DuGe is the first designer courtyard boutique hotel in China. Its distinctive red-and-blue doors are inviting, promising and a little mysterious. From the moment guests step over the high threshold that characterizes traditional Chinese entrances, they are taken on a journey through time and design, in which traditional Chinese architecture frames sleek, lacquered contemporary furniture and rooms are illuminated by ornate, crystal chandeliers.
Each themed suite and room is uniquely designed with its own matching and coordinated bath or shower room. Black paper-cuts adorn the courtyard-facing windows, wall-coverings and drapes are rich and luxurious. No detail has been left to chance. Colors are warm, bold and subtle by turn, and each suite creates a mood that is both welcoming and surprising.
Crossing the courtyards to enter the hotel’s Reflections dining-room, brings further surprises in the blending of classic East-meets-West styles and bright contrasted hues combined with intricately carved woodwork, the whole enhanced with Baccarat chandeliers and mirrors that create reflections of infinity.
Outside the restaurant is the pocket-sized White Russian bar, its glassware warmly glowing and inviting for guests seeking refreshment, a pre-dinner drink or a relaxing chat with friends and other guests. In the courtyards, the bamboo rustles, the traditional lanterns glow softly and against the sky are etched the curved roof ends of each one of DuGe’s pavilions.
Originally built as the Suojia Garden, the courtyard residence that is now Duge courtyard boutique hotel was extensive and was first owned by Mingshan, Minister of the Imperial Household in the late Qing dynasty, from the 10th year of the reign of the Emperor Xianfeng (1860). Mingshan’s son and grandson went on to be ministers under the Tong, Guang and Xuan reigns of the Qing dynasty. It was the only family to produce 3 generations of Ministers in the history of the Qing.
Hutongs are a maze of narrow lanes that house the traditional courtyard houses of Beijing. They can be traced back to the Yuan Dynasty that started in 1271, and were defined according to ordinances which determined their width and the type of traffic that could pass along them. Some hutongs were reserved for storing grain and other necessities, while others were for residential housing, rising from land gifted to those who had served their Emperor well in war, letters or administration.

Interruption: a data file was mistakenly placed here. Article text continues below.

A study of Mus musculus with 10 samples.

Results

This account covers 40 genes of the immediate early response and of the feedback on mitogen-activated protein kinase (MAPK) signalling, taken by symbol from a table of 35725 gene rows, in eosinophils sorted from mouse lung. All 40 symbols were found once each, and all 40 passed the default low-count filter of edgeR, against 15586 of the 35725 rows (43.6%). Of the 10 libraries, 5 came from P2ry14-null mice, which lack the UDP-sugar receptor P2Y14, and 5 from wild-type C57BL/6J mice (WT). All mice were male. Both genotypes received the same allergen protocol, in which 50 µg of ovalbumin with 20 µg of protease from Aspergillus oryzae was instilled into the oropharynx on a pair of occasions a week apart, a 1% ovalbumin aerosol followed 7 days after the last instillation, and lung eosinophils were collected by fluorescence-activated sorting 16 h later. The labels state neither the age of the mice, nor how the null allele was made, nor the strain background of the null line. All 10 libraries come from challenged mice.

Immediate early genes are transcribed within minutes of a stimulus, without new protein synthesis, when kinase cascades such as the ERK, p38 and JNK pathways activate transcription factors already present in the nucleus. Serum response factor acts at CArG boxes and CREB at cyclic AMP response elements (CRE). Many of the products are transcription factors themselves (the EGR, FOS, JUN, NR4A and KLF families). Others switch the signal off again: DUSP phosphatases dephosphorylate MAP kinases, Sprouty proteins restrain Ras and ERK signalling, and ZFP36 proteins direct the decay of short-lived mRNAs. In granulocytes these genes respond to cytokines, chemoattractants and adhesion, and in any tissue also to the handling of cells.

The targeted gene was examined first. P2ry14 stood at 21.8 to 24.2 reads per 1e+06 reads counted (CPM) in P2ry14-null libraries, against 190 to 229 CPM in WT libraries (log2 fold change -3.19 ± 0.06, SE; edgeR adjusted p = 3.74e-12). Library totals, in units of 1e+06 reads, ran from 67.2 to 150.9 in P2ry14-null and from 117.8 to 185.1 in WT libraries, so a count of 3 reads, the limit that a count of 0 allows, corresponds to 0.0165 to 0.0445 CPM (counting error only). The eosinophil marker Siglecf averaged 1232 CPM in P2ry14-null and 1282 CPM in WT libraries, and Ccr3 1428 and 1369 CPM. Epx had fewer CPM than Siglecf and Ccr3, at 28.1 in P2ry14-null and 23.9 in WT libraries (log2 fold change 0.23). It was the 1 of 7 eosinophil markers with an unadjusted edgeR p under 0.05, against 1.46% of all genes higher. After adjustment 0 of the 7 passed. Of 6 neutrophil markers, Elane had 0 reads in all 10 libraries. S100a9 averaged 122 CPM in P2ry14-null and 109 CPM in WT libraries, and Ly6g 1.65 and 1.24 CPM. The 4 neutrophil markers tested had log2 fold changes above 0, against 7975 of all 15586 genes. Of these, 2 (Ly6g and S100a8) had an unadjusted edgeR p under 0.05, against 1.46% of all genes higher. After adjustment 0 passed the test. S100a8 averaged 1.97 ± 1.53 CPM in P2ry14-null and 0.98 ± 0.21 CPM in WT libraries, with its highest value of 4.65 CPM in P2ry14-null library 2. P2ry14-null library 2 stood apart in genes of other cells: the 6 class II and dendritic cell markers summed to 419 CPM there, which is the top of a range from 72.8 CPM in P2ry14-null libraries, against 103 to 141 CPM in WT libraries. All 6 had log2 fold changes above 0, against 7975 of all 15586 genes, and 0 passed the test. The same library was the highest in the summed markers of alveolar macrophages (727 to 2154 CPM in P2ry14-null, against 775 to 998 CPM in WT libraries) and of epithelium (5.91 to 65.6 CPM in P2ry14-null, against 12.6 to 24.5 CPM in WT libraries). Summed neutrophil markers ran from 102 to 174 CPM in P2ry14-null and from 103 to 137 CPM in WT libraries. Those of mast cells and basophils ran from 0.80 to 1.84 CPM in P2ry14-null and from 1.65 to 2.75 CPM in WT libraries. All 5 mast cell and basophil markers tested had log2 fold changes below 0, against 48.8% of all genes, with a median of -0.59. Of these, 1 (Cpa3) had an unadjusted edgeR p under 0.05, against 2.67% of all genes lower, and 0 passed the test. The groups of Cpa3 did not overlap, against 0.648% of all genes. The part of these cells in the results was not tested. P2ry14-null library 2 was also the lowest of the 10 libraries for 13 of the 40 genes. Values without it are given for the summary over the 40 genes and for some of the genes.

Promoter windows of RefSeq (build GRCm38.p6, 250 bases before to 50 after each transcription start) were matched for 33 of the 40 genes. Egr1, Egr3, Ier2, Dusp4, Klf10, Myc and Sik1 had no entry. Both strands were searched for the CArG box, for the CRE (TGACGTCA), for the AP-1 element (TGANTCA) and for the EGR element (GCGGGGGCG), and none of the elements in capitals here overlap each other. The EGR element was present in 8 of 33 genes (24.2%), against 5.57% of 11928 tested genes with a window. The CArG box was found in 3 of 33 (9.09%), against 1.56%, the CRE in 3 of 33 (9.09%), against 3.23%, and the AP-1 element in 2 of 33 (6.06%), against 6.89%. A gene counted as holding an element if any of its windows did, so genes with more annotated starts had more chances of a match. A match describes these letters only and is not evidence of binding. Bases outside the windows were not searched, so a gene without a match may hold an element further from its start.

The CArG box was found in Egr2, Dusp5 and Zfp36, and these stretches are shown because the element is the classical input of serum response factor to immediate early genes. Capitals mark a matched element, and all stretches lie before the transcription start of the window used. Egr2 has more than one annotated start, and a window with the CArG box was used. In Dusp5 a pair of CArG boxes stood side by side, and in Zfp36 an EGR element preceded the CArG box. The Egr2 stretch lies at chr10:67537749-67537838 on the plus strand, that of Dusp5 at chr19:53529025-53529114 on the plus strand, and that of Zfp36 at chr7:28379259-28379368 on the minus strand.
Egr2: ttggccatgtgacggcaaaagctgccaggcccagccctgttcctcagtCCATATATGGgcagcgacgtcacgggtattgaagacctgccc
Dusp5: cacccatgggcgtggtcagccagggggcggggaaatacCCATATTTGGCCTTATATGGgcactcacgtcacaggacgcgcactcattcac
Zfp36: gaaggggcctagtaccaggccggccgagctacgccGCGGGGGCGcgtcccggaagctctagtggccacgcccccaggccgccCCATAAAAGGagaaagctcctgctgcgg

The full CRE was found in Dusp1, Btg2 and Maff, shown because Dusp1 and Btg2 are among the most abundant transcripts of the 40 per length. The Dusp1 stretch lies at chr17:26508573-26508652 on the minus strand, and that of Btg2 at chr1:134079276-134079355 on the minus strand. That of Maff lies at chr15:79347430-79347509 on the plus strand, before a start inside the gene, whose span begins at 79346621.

Under the Ming, (from 1368) city planning became less strict and retailers began to sell their wares from stalls squeezed into the narrow hutongs. As time went on, their appearance altered further to suit the needs of the inhabitants of the courtyard properties that lined them.
Hutongs and courtyard properties declined during the Cultural Revolution and more recently, with the rush to develop Beijing into a modern city, many of them have been destroyed. However, there is now a concerted move by city planners, property owners and investors to protect these important and beautiful heritage sections that continue to flourish in the historic quarters of the old City. Here they continue to criss-cross historic monument sites such as the Forbidden City, the Bell and Drum Towers, and spread out around the ribbon of lakes that starts in Beihai Park just to the North of the Forbidden City.
Noble courtyard residences are now being restored by private investors like DuGe to offer visitors a rare and precious glimpse of authentic hutong life.
DuGe is a Chinese entrepreneur with good taste and bold judgment. She enjoys the culture of the hutong lifestyle and is challenged by the opportunity to preserve a piece of the city’s and the nation’s heritage. She fell in love with the Suojia courtyard from the moment she saw it and was determined to create from it an entirely modern designer hotel within the framework of traditional courtyard architecture. She wanted to attract foreign visitors interested in learning more about her city’s heritage and introduce them to the peaceful serenity that comes from courtyard living. DuGe also wanted to preserve whatever could be saved of the original structures and, with the help of her Belgian-Chinese designer team, has transformed an old and venerable courtyard into a dream destination where guests can put their real lives on hold and live the dream she has created for them and for herself.
Renowned interior and furniture designers, Mrs Jehanne de Biolley (Cui Cui) and Mr Harrison Liu (Liu Li Nian) were brought in as designers to work alongside DuGe, translating her dreams into reality, selecting and adding their unmistakable signature to lacquered furniture, rich and luxurious fabrics and soft furnishings, and the many decorative elements that give DuGe its elegance. Their vision combined with hers, have produced a truly artistic blend of styles, rich, bold and subtle all at the same time.All contemporary furniture has been designed by Harrison Liu for DUGE.
Many of the items of furniture and decorative pieces in the hotel are custom-designed and selected for DuGe; and because guests have shown interest in knowing more about the designs and art pieces, DuGe is pleased to offer referral and purchase/shipping services for commissioned interior-designed or decorative items.